By on Sep 7, 2009 in Raves | 0 comments


Why do we enjoy Top Chef so much? Aside from the fact that it’s one of the few respectable, legitimate competition shows, and aside from the fact that we are all gluttons for culinary-inferiority punishment, why do we watch a show in which we cannot participate? With So You Think You Can Dance, you can see the dances. With Project Runway, you can see the designs. But with Top Chef, you cannot taste the food. You must watch the judges reactions and rely on their appraisals.

It reminds me of my chief complaint about food shows: there are only so many responses TV chefs can give when tasting their own concoctions. The head tilts up toward the heavens, the eyes roll back, the eyelids flutter. “Oh, oh. That is so good.” Or “Mm-hmm. Mm-hmm.” Or “Yumm-o!” Or the old standby: “Mmmm.” (Really, Rachael Ray, could you vary it up a little?)  I have wonder what happens when these people blow their own recipes.  Do they fake it?  (Holy mole rojo, he thought, anxiously. When did I put in so much garlic? Crap, the cameras are still rolling. “Mmmmm!”)

Tangents aside, the judges on Top Chef are under no such obligation. They are free to hate on the food. They’ll straight-up spit your food into their napkins if it’s not good. Padma is especially good at this. “Did you shell these pistachios yourself?” she demands, shooting a death glare at the hapless contestant, then plucking a shell shard from her teeth and then dropping it on the plate for effect.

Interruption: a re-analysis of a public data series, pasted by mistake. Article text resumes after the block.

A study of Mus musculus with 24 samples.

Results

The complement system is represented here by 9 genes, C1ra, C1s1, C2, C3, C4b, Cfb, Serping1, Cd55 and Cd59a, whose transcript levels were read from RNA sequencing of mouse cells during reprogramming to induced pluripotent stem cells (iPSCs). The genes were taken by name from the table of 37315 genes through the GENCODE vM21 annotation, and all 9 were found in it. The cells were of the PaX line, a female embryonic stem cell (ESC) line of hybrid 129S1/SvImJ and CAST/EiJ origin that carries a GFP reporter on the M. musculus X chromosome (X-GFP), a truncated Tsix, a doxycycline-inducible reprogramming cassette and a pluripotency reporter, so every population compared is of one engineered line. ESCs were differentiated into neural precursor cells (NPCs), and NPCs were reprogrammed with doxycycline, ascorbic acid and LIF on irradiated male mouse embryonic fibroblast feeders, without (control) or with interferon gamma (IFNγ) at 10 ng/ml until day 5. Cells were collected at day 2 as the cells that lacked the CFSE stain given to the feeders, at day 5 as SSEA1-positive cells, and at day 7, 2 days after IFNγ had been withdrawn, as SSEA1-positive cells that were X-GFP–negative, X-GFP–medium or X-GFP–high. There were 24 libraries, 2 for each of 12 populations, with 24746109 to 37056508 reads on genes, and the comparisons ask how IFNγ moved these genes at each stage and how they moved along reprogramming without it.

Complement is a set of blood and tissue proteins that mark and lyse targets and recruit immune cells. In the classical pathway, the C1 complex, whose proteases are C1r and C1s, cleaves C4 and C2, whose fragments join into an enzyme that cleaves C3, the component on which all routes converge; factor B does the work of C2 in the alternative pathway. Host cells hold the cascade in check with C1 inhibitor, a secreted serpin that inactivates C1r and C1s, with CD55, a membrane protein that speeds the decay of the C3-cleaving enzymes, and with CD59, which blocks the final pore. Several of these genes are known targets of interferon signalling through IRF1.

It’s a good thing the judges are so frank, because they’re our only conduit into the competition. We experience the food through them. If they say there’s not enough acid in a dish, then dammit, there’s not enough acid! (Though I’ve never in my life tasted food and thought, “Gee, Dan. Some more acid would really give this dish that much-needed oomph.”)

The answer to this quandary eludes me at the moment. But I’ll be tuning anyway in Wednesday night, peasant food in hand, pretending I know the first thing about black truffles or foie gras. When it comes to Top Chef, I may not know the secret ingredient, but the final product is, well, mmmm!